How does the UV Index work?
We are frequently reminded of the importance of sun safety and protecting ourselves from ultraviolet (UV) radiation to avoid skin cell damage, which leads to premature signs of ageing and skin cancer. This hyper-vigilance is for good reason, with around 800,000 skin cancers diagnosed in Australia every year.
UV radiation is emitted by the sun and is responsible for the vast majority of skin cancers. It is not related to light or temperature, so you can't see or feel it. In fact, it is a common misconception that you can 'feel yourself getting sunburnt' or that you can't get sunburnt on a cool day.
UV radiation can be reflected by light and shiny surfaces such as sand, snow, concrete and water. Cloud coverage does not decrease UV radiation levels at ground level.
There are several main types of UV radiation. UVA rays cause skin ageing such as wrinkles. UVB rays cause tanning and sunburn, thereby increasing your skin cancer risk. UVC rays do not reach Earth's surface but can be produced artificially (for example, by welding equipment).
Australians are subjected to high levels of UV radiation throughout the year, even in winter and especially in northern parts of the country. UV radiation is measured according to the UV Index.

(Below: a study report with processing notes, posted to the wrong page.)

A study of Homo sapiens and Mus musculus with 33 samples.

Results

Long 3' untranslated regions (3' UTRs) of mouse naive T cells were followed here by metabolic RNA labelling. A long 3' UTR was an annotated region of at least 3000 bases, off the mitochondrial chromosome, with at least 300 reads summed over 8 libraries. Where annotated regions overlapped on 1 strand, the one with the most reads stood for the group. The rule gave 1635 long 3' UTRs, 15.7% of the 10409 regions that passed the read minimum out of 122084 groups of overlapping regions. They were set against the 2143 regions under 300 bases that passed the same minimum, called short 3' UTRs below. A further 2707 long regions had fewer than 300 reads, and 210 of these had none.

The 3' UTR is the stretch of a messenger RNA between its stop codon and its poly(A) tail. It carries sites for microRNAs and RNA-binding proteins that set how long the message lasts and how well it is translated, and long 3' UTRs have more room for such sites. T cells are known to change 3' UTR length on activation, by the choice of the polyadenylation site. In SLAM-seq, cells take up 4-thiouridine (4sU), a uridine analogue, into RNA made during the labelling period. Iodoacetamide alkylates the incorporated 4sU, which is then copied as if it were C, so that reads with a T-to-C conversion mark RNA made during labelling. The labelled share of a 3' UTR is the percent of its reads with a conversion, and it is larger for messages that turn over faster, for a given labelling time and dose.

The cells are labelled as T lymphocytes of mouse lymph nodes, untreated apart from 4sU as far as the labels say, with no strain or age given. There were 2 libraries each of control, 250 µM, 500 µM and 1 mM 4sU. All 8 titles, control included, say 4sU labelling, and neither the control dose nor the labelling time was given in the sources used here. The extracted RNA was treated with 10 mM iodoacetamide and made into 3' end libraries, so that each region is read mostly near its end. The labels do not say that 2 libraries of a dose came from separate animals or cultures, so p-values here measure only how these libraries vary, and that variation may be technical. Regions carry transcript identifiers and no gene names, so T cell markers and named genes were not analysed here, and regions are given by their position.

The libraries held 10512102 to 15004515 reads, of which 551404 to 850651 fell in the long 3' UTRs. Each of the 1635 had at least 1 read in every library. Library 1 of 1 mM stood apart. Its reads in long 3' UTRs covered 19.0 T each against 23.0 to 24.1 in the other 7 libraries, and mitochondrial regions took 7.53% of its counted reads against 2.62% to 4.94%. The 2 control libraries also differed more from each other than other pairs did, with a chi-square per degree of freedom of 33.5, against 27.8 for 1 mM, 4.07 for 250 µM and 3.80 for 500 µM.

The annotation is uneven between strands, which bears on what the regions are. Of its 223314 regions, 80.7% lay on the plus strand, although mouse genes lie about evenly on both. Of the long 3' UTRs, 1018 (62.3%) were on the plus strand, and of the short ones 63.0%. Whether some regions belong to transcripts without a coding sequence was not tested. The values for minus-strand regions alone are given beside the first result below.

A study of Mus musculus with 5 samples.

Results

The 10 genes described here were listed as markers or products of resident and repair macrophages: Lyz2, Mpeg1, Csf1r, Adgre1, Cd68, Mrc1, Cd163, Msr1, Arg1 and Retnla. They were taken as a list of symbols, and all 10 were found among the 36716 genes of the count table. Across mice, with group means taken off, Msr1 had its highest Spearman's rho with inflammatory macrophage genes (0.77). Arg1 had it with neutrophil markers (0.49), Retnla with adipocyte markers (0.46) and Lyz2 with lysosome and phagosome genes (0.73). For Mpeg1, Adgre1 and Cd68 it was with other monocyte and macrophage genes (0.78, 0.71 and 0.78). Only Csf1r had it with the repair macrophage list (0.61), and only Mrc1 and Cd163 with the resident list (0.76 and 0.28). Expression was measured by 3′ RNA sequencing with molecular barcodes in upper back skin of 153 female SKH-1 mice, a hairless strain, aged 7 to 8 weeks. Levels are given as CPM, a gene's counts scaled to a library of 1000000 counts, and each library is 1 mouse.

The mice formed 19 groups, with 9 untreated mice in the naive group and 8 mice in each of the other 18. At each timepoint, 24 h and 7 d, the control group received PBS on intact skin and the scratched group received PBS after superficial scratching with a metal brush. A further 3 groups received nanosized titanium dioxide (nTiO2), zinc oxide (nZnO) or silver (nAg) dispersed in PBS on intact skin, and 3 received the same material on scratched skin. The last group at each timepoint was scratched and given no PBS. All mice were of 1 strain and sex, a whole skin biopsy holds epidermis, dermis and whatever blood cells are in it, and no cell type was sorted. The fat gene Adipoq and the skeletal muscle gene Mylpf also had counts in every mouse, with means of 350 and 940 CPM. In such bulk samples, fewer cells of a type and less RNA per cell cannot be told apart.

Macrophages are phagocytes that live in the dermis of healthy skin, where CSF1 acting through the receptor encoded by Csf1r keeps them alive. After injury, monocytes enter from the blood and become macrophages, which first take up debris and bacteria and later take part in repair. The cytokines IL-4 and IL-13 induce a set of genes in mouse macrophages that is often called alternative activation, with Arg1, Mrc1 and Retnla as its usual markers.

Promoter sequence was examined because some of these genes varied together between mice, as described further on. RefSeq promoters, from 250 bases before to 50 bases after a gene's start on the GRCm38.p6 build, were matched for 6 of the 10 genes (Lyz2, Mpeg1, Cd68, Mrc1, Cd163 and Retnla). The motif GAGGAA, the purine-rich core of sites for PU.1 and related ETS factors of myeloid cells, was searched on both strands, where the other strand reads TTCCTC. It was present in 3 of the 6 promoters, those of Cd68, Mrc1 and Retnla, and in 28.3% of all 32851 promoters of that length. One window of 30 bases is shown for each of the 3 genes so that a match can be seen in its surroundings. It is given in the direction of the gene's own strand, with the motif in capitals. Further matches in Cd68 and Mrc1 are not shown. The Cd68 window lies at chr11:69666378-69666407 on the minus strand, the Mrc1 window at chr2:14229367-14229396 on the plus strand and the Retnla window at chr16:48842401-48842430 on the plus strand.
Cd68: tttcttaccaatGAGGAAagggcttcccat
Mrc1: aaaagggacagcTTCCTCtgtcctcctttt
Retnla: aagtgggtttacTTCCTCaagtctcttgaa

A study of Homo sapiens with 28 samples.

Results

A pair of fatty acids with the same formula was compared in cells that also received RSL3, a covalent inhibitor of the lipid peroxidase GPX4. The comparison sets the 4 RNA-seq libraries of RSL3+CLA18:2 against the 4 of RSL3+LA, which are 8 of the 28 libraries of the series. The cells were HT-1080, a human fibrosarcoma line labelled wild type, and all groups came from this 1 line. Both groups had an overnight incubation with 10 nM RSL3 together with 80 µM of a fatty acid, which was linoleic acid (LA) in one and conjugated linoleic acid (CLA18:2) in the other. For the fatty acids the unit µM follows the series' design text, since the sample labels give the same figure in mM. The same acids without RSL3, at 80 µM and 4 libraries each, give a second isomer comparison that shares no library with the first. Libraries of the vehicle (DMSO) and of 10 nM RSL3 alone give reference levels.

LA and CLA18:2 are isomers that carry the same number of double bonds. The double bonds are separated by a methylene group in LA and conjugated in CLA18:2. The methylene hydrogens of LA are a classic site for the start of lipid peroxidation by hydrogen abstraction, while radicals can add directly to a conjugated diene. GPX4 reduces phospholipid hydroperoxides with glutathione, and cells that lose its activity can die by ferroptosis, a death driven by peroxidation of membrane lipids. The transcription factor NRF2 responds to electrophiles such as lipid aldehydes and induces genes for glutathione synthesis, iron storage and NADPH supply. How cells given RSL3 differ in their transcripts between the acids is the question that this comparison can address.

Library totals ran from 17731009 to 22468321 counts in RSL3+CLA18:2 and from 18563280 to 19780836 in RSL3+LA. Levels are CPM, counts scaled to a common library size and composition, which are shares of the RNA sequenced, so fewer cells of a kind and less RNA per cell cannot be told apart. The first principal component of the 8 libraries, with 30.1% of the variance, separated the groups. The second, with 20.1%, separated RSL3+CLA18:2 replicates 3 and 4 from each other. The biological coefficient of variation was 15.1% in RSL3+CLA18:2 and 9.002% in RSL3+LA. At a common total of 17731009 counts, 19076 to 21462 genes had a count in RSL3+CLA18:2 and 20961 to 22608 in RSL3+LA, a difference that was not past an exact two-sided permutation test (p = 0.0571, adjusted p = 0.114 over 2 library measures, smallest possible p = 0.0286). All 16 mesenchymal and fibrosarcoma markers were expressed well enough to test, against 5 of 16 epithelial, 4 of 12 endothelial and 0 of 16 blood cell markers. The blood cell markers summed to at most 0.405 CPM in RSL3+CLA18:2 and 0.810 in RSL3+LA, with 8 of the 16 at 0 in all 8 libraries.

The UV Index
The UV Index provides a consistent and international measure of the sun's ultraviolet strength. It measures radiation on a scale of 1 to 11 and beyond. The higher the number, the stronger the radiation levels and the faster your skin will burn.
You are at risk of skin damage when the UV Index is at 3 or above. In Australia, this can be year-round.
- 0-2 = Low. No protection required, except for very fair skin.
- 3-5 = Moderate. Protect yourself in 5 ways.
- 6-7 = High. Protect yourself in 5 ways.
- 8-10 = Very High. Protect yourself in 5 ways and reschedule your outdoor activities until UV levels decrease.
- 11+ = Extreme. Protect yourself in 5 ways and avoid going outside.